Symbols in stone
Tea w C (19)
Two beady eyes of an owl looked up at me. The last package for my birthday was small and dense. Rolling around the forest green stone in my hand I asked curiously, “A paperweight?”
“Whatever you want it to be,” my mom responded.
I wonder if she sensed my apprehension about being given a stone. I received a C in Earth Science in college. I couldn’t get myself to care about a lecture on earth formation or rocks or stones in general. I placed it back into the bag and wondered how long it’d take me to lose it.
My birthday follows shortly after Thanksgiving, so that year we celebrated over the holiday. My suitcase was already tight, so I stuffed my winter coat pockets with anything small. That’s how the owl found itself in my winter coat.
I lose many things yet two years later this stone travels with me everywhere. During the winter I squeeze it in my pocket as I board the subway, and as I stand in line for coffee. This stone sat quietly at every desk I set up when I lived nomadically through the pandemic, its round body cheering me on through each lopsided draft when I decided to write again. Its green coating is now faded to natural black, and I wonder how long it will take to fully disintegrate from my grip.
We don’t overtly value the common stone, and probably give even less attention to rocks. (Stones are made from rocks, rocks are made up of smaller stones). We have expressions like “dumb as rocks,” or to tell someone off to go “kick rocks.” Maybe it’s because rocks are “everywhere,” sitting there heavy, futile, seemingly useless.
However, stone shows its grandeur through architecture like the mysterious pyramids of granite and limestone, the Taj Mahal’s marble, or the Colosseum’s glory of Italian travertine. We see it in thousand-year-old monuments like Stonehenge in England which were involved in some activity or ceremony celebrating the relationship between the living and the dead. It seems as if there’s an intention behind working with rock or its more formed stone. The once mundane essence is shaped into long-standing prominence, a powerful presence built with new meaning.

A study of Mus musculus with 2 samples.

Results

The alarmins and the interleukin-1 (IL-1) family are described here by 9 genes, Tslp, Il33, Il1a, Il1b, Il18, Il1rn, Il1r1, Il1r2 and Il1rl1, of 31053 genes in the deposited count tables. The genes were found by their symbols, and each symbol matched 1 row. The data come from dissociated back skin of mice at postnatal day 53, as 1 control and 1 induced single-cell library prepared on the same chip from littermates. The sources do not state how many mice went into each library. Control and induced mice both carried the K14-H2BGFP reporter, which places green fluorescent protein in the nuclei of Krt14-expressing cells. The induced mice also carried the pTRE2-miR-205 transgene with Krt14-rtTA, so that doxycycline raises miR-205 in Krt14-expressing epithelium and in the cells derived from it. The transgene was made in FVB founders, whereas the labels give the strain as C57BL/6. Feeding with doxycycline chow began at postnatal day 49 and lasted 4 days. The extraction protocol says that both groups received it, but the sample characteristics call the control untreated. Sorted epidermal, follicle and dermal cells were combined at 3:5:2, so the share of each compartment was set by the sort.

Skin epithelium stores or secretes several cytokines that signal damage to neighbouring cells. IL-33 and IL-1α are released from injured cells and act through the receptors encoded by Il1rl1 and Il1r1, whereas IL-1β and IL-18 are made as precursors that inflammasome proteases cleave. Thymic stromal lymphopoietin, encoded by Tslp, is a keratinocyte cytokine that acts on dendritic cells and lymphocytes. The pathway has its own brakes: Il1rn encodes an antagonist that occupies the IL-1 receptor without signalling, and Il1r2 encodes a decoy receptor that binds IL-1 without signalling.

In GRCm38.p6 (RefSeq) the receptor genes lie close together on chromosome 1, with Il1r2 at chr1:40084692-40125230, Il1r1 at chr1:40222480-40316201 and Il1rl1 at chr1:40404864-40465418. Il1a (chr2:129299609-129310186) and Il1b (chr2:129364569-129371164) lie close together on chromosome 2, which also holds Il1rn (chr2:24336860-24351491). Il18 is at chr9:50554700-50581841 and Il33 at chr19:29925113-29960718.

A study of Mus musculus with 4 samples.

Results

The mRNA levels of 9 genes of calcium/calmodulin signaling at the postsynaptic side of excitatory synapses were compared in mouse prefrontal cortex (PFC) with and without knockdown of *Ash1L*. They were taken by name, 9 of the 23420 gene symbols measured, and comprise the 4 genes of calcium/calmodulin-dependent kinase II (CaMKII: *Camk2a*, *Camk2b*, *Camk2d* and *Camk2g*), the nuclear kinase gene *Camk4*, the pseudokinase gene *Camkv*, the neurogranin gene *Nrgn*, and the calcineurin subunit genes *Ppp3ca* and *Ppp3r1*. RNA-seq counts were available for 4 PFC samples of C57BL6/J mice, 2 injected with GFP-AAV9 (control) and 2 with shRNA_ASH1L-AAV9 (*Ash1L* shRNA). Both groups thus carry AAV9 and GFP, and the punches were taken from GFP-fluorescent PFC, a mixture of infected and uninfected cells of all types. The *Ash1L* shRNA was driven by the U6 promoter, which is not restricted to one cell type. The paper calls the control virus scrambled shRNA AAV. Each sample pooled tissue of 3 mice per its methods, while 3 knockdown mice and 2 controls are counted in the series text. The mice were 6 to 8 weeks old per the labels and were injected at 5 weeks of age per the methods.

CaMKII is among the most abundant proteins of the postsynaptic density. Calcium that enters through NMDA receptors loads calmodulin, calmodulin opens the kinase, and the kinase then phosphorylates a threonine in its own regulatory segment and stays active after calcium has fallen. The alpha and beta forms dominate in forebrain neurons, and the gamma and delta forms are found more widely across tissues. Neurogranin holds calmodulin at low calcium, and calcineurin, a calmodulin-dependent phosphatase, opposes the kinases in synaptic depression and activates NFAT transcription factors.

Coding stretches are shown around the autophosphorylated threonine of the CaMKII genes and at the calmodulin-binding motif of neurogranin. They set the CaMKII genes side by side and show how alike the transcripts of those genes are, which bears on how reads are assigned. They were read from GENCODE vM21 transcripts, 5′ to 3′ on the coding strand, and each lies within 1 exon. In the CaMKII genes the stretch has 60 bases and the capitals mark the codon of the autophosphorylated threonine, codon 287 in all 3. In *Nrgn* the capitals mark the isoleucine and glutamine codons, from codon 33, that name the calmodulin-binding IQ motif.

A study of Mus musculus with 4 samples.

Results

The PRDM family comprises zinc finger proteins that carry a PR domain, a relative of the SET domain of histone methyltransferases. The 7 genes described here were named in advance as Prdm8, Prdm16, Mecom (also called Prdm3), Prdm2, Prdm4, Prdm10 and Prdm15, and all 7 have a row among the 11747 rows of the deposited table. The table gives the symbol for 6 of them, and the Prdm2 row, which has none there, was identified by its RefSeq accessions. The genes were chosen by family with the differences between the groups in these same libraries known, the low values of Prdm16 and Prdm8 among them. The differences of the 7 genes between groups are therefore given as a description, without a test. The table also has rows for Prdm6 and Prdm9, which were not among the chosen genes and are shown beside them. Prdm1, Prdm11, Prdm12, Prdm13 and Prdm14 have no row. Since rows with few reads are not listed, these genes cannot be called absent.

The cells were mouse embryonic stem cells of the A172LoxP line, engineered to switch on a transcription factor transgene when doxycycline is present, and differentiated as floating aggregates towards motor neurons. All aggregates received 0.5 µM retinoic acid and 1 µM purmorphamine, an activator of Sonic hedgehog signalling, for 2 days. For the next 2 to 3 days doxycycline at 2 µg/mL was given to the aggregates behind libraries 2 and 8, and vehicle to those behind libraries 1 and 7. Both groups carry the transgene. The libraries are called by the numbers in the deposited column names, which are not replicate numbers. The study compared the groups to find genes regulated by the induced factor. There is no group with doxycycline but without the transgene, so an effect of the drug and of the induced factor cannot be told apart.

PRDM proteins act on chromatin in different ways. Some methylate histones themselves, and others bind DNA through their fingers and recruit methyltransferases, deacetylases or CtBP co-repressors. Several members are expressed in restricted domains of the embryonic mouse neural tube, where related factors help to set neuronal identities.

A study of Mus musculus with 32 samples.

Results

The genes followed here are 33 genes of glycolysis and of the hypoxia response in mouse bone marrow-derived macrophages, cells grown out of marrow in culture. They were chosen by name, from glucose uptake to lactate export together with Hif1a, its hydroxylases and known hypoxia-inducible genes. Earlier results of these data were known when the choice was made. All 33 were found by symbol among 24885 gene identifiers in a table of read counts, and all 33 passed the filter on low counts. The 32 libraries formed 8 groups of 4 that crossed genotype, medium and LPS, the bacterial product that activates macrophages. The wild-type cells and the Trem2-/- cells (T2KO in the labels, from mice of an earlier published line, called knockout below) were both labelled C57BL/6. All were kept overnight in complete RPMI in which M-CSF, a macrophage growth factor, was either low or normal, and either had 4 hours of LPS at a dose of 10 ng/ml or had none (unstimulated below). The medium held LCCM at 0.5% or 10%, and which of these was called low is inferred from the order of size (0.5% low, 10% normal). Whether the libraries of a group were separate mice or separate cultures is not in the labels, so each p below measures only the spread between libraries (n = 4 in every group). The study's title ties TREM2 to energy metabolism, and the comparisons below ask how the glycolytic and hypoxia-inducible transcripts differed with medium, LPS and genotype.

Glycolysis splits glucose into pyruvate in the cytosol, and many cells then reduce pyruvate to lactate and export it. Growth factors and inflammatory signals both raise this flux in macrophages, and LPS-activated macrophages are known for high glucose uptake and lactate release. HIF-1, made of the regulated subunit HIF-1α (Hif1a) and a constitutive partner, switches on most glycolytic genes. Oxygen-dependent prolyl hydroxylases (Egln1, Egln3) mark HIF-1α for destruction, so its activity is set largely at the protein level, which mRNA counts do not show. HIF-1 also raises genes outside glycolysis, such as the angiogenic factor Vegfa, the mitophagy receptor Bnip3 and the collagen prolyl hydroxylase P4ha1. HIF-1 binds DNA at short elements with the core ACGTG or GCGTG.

The Book of Symbols reflects on the archetype of stone, “It was this act of giving meaning to their world–of turning stone into a symbol–that made our earliest ancestors fully human. Our relationship with stone is so ancient and intimate that we have named the beginning of human history the Stone Age.”
I wondered why and how often we are still drawn to the mineral world after experiencing my palm-sized owl transition from dull paperweight to somewhat of a talisman. Talisman is a word taken from the Greek talesma which means an object or an idea that works with another to make it whole, complete. Used for thousands of years, talismans of all kinds provide a function, particular energies, or beneficial powers to the possessor.
Hot stone massages are said to ground us and eliminate toxins. Chinese Baoding balls are another ancient tool for health and wellbeing that are used today for physical therapy, stress relief, and relaxation usually made out of stone. According to the Irish if you kiss the Blarney Stone you're gifted with the gift of gab or skill of flattery. The Philosopher's Stone is also legendary, allegedly turning inexpensive metals into gold. The metaphor for the tale of the alchemist seeking the Philosopher’s stone is accepting one’s own limitations. As done with our ancestors forming the stone into something symbolic, we transcend areas of ourselves that we deem unlovable or not valuable, into something greater and withstanding– the journey of our self-actualization.
We are drawn to placing value on more than just stone in the mineral world, gemstones are another ballpark. Diamonds rose to their prominence in 1947 from a marketing campaign led by the De Beers corporation, who apparently still own 35-40% of the diamond supply. Although they are not as rare as other gemstones, diamonds win in the durability category, so their slogan, “diamonds are forever,” solidifies metaphorically their place in the engagement and wedding realm.
My owl is made of Shungite. I took it to a metaphysical store, and the lady who was wearing a Shungite necklace explained to me the stone’s benefits, which I later Googled because I thought she might be a fanatic. I found that Shungite is rare, and mainly found in a small village in Russia. It’s 2 billion years old, and geologists believe it existed before organic life on the planet. There’s not enough scientific evidence, yet Shungite’s properties possibly fight inflammation, reduce oxidative stress, and can shield from electric and magnetic field emissions (EMFs) from electronic devices. Maybe all my humble owl needs is a Shungite marketing campaign, a monopoly, and widely adopted scientific research. Though we might not want to hand it all to the Russians!
To me, it’s a mystery why we’re drawn to and create meaning around objects, especially ones derived from the earth, and perhaps that’s the point. Maybe something within us beyond our mind’s knowing recognizes their ancient properties, the thousands of years of life it takes to produce certain forms. Maybe it’s shallower and made up of marketing and spiritual schemes. I guess it comes down to our own perception.